High-speed Internet access is spreading rapidly from sea to shining sea, but the government must tackle the technological obstacles affecting an estimated 19 million Americans, mostly in rural areas.
That's the conclusion of the Federal Communication Commission's eighth annual Broadband Progress report, adopted on Aug. 14 and released Tuesday. The report is mandated by the Telecommunications Act of 1996.
'Unleash the Power'
"The...conclusions only reaffirm what I hear all too often from small-business owners, parents, educators and others across the country – we can't let up on our efforts to unleash the benefits of broadband for every American," said FCC Chairman Julius Genachowski in a statement accompanying the report.
"Increasing broadband deployment , increasing adoption, increasing speeds and capacity are vital throughout our country; they're essential to growing our innovation economy and driving our global competitiveness."
The 181-page report details progress that has been made but concludes that more must be done.
"The commission adopted transformative changes to the high-cost universal service program to propel deployment of broadband networks, and initiated a Lifeline pilot to promote broadband adoption by low income Americans," the introduction says. "Implementation of these changes is under way. But as of now, our analysis of the best data available -- the data collected by the National Telecommunications and Information administration (NTIA) for the National Broadband Map -- shows that approximately 19 million Americans live in areas still unserved by terrestrial fixed broadband."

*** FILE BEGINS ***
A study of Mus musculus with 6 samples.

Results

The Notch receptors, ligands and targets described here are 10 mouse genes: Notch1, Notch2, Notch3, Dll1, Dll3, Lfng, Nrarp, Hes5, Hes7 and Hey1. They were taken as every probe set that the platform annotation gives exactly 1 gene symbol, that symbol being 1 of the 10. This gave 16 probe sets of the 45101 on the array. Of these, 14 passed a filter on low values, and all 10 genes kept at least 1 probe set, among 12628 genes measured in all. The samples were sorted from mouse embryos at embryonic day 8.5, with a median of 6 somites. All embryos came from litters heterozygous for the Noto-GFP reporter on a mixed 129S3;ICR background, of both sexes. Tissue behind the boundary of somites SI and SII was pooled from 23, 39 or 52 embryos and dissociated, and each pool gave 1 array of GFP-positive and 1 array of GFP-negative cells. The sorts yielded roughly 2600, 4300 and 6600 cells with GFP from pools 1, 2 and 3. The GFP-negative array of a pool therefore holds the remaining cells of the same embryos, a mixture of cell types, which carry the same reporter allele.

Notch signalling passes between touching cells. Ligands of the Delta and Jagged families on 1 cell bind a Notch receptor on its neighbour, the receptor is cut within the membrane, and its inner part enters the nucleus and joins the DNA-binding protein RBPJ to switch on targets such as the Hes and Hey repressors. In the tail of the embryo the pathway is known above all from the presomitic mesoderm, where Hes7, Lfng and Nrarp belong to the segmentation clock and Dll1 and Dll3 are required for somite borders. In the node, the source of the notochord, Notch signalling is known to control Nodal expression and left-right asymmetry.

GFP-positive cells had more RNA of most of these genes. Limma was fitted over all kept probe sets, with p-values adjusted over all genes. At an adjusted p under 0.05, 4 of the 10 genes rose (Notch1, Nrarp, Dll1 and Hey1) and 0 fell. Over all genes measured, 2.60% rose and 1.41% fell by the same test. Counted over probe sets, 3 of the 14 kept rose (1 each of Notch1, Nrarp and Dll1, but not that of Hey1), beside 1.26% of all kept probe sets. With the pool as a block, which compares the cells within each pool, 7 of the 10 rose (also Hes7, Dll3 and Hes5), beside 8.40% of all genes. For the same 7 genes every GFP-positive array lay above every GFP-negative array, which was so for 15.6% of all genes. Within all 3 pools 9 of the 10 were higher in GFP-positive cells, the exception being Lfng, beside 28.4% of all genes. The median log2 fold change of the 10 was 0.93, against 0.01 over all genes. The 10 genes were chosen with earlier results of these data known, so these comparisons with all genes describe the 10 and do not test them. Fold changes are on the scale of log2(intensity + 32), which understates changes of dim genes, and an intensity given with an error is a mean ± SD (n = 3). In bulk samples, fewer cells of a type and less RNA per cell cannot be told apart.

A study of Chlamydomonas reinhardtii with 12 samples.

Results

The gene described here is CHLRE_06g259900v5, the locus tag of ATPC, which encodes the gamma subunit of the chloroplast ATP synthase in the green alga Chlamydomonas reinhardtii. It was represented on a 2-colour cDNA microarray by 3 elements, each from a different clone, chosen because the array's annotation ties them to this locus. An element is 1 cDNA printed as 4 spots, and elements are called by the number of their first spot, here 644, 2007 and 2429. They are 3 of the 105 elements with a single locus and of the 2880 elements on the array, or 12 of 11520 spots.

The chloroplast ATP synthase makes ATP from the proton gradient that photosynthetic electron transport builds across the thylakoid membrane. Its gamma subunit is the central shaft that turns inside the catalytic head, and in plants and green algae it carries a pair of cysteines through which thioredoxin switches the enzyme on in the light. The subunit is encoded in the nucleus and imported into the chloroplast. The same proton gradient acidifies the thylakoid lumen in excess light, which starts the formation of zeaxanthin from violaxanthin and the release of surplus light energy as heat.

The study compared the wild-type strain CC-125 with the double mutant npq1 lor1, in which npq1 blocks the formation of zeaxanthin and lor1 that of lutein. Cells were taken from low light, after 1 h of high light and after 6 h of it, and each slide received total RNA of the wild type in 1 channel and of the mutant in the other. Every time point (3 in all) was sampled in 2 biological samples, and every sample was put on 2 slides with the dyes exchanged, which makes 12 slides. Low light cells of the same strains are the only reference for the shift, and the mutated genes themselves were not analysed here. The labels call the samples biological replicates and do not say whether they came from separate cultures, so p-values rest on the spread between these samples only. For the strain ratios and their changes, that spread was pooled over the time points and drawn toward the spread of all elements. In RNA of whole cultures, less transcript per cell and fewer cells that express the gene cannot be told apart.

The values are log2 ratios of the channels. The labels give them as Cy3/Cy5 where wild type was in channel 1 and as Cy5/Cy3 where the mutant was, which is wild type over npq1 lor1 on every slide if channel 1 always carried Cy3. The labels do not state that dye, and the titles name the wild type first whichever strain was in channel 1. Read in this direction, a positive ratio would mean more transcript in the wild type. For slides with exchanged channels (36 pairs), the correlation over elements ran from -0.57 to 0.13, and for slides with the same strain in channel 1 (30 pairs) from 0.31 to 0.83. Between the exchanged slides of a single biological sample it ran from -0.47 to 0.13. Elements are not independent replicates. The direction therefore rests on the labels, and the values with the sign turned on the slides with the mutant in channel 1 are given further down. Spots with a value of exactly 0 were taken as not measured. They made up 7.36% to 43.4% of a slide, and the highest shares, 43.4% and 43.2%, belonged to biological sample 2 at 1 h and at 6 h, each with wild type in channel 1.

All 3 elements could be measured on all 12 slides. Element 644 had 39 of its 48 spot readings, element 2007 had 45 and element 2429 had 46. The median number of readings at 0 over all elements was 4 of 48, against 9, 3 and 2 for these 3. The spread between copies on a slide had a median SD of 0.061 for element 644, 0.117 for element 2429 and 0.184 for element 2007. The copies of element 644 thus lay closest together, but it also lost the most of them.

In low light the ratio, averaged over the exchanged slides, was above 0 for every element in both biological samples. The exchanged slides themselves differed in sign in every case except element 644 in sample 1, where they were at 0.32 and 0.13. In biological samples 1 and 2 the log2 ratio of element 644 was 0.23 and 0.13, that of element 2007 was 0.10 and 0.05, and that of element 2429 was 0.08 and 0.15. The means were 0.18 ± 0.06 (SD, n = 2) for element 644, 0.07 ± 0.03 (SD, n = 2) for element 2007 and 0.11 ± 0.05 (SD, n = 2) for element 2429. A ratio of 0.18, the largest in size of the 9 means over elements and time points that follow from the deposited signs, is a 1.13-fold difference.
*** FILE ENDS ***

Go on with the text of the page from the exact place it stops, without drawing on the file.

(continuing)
Not surprisingly, the vast majority of those Americans, 14.5 million, live in rural areas.
The FCC defines high-speed broadband by a benchmark set in 2010 as ability to offer actual download to the customer of at least 4 megabits per second and actual upload from the customer of at least 1 Mbps. Previously, the benchmark was 200 kilobits per second in both directions.
On the bright side, the report said, the share of those lacking broadband access fell from 26 million last year.
"A significant number of Americans still lack access to what has become an essential information technology," said Charles King, principal analyst at Pund-IT. "That's a particularly critical issue considering the decline in the number of traditional information channels, including local daily and weekly newspapers."
King noted that the report cites disproportionate impact on Native Americans living in Tribal Areas and people living in protectorates such as Puerto Rico and Guam, where in some cases nearly 50 percent of the population lacks broadband Internet.
"Interestingly enough, broadband access is an issue that resonates with the current election cycle," King told us. "Frankly, telecoms and other infrastructure -dependent service providers tend to avoid building in rural areas because lower population density means fewer revenues.
"That's a scenario that has played out time and again in U.S. history with a similar resolution -- the federal government stepping in with grants or other subsidies to make certain that rural Americans have access to critical services."
Posted: 2012-08-21 @ 4:57pm PT
Americans are not interested in poor people getting another service they can not pay for--it worries the poor too, who need a hand up not another bill they cannot afford.